Today's new word is bhagtsamagu. Can you say bhagtsamagu?
If not, at the end of your next meal at Martsa on Elm, just point to it on the menu. The good-as-apple-pie, $2.50 Tibetan dessert you'll receive consists of tender bits of steamed dough decadently sautéed in lots of butter, edges crisp with sugar, and the whole warm fluffy mound topped with crumbles of sweet, soft, home-made farmer's cheese.
But I'm getting ahead of myself. This nearly year-old Tibetan eatery in the heart of Davis Square has far more going for it than dessert. That may come as a surprise, since Tibetan cuisine is best known for its creative use of yak products and Himalayan-like heights of blandness. But the difference here is that you won't find this bill of fare back in Lhasa.
Owners Choesang and Dechen Martsa have created a menu that proves that food, like language, is a fluid thing. They offer the best from their homeland, like tasty half-moon-shaped dumplings called momo served with luscious eggplant chutney ($6), and oh-so-comforting amdo tsel ($9.25), a starchy stir-fry of potato and beef seasoned only with cumin and caramelized onion.
Both owners were born and raised in India, like many young Tibetans whose parents fled along with the Dalai Lama from the Chinese in 1959, and the menu wanders through their Indian favorites as well. Dechen's street food of choice growing up was potato chaat ($3.50), which she recreates nicely with pan-fried potatoes tossed in deliciously zingy mint and coriander chutney. Another worthy recipe, bhajis ($3.25), comes straight from the kitchen of a grade-school friend's mother. She taught Dechen how to make these crispy fried strips of battered onion and potato, which are as addictive as french fries.
Dechen inherited a passion for food from her parents, who ran a restaurant for years in Dharamsala. Her father, Tsering Donghsi, now the day chef at Tremont 647, is the man behind 647's popular momo dumplings.
Like all gourmets, Cheosang and Dechen experiment with food, and the menu features many of their flavorful discoveries. One inspired original is curried chicken with potatoes ($9), a spice-cabinet of flavors from cardamom to curry with a sweet-sour edge provided by apples.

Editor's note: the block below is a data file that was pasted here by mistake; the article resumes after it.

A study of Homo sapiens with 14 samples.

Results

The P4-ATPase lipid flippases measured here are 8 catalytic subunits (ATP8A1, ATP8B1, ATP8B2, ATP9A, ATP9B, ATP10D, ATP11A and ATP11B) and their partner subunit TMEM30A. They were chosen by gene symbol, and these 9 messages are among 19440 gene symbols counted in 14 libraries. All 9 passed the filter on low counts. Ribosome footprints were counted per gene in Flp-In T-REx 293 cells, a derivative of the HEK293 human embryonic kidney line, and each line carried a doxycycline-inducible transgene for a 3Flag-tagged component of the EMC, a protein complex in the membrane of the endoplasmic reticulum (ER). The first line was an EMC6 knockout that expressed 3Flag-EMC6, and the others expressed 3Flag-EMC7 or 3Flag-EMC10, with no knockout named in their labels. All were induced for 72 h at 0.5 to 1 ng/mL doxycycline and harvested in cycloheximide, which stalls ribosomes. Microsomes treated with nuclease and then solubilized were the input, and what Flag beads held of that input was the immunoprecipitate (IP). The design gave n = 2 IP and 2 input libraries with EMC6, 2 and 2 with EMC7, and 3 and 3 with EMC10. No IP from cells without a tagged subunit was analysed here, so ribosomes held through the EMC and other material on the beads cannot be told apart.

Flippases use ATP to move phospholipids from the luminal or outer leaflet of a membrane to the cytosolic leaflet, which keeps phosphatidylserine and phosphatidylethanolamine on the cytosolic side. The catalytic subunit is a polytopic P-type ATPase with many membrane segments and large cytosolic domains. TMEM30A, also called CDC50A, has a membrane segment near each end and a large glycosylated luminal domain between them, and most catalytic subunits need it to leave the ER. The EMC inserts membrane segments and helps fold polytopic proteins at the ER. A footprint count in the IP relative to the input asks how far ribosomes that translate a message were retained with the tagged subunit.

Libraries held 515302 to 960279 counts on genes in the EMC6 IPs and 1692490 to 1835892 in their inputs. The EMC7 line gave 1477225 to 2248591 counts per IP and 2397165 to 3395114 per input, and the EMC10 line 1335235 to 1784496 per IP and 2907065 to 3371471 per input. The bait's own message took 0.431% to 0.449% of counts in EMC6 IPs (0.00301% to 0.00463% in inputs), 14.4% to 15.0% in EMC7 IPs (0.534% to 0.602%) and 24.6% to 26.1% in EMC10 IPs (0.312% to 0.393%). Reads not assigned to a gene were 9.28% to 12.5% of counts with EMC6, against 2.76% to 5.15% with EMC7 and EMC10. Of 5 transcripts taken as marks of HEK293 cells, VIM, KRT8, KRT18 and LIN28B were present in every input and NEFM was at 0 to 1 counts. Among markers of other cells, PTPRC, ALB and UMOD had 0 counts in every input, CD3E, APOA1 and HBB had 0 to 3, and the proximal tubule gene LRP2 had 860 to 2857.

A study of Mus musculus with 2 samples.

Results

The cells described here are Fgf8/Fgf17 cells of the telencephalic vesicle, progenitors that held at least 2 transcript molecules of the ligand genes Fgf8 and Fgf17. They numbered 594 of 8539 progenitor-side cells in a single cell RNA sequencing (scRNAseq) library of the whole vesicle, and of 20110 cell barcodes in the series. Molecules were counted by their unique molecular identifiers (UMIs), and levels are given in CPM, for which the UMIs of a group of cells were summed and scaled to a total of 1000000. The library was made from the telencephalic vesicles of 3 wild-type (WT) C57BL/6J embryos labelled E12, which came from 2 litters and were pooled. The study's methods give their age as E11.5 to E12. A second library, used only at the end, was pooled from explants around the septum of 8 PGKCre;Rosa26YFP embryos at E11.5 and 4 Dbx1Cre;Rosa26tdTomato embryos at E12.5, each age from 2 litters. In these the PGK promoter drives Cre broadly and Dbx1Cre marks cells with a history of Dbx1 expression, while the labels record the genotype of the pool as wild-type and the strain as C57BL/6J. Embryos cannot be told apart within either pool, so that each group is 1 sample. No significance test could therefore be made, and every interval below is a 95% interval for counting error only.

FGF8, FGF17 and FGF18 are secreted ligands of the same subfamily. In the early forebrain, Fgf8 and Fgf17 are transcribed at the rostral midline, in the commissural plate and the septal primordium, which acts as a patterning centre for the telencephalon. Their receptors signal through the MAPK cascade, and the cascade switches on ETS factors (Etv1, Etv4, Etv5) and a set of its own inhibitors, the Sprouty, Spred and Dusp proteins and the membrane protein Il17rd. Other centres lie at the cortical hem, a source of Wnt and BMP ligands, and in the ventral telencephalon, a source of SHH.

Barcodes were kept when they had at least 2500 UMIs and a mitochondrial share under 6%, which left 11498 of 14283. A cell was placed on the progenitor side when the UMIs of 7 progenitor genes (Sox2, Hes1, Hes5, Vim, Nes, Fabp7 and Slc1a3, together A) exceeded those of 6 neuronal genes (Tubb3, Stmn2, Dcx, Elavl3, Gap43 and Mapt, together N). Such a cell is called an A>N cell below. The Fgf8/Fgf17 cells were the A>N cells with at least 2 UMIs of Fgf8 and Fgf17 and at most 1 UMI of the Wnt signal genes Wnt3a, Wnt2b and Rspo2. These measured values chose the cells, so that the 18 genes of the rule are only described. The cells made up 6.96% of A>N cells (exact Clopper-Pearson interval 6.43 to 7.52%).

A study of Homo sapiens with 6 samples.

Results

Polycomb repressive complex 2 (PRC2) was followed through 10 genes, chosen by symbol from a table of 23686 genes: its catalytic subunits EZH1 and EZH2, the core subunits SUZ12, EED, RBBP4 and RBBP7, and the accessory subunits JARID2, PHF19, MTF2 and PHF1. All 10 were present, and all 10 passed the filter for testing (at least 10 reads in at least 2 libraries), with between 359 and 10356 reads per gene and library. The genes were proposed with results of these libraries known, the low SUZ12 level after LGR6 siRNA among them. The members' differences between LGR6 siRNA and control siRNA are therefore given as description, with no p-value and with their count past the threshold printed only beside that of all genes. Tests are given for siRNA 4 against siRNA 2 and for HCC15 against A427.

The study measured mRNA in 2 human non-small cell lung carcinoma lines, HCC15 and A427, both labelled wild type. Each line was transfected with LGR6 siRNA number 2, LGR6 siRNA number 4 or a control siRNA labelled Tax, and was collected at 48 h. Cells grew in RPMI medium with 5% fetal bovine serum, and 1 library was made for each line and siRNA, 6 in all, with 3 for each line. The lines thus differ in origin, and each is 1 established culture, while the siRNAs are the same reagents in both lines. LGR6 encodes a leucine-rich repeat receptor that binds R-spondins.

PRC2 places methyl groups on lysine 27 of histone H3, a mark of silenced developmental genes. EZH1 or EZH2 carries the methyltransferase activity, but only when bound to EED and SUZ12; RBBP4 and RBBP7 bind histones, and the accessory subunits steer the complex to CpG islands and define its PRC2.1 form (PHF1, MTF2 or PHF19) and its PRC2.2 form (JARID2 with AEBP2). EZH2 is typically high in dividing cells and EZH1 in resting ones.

Two standouts derive from Indian and Chinese influences. Lady fingers ($9), okra sautéed so expertly it's slimeless, was perfect with a nicely salty mix of cumin and turmeric. Equally good were crunchy string beans ($8.50) pan-fried with gobs of fresh garlic and a splash of soy sauce.
Pricing is sub-shop cheap, and the 11 flavorful soups (about $2.50 a bowl) and the newly launched lunch buffet ($7.50) are particular bargains. The pretty décor, with its orange walls and polished wood tables -- and smiling service -- seem more fit for mid-price dining, however.
Ho-hum dishes did turn up, like the bland pumpkin curry ($8.75) and likewise plain vegetable curry ($9), and dho-bhakleb ($2.50) flat-bread was tough and grainy. Other breads, however, excelled. Fresh-baked Tibetan kokun-bhakleb ($1.25) was a yeasty treat warm from the oven. Tingmo ($1.75) steamed rolls (which in a way recall a good hot pretzel) were particularly light.
Drink choices get interesting. Salted and buttered Tibetan tea ($1.25) is the definition of "an acquired taste." Hot cider with cooking wine ($2.50) was also a little odd, but grew on us (it approximates the flavor of chango, a Tibetan New Year's drink). For a safer choice, try the generous creamy fruit and yogurt lassis ($1.75).
And now for dessert, the coup de grace. The rice pudding ($2.50) is respectable, and the saffron-spiced, nut-and-raisin rice pilaf called daysil ($2.75) is a great alternative for the milk-averse. But you must try the (say it with me) bhagtsamagu.
Sticklers for authenticity will note that the bhagtsamagu strays from the classic recipe, but in this case, flavor trumps tradition. And with the story Choesang told me, who can say what's authentic anymore, anyway?
His father, a yogi lama, had just opened a Tibetan monastery in India. The Martsas visited and found the monk in the kitchen making the same old bland dish that he made every day. So this world-traveled pair taught him a half-dozen of Martsa on Elm's Tibetan-world-fusion entrees, and now he too is serving up these Somerville-born recipes.
That's what I call cuisine coming around full-circle.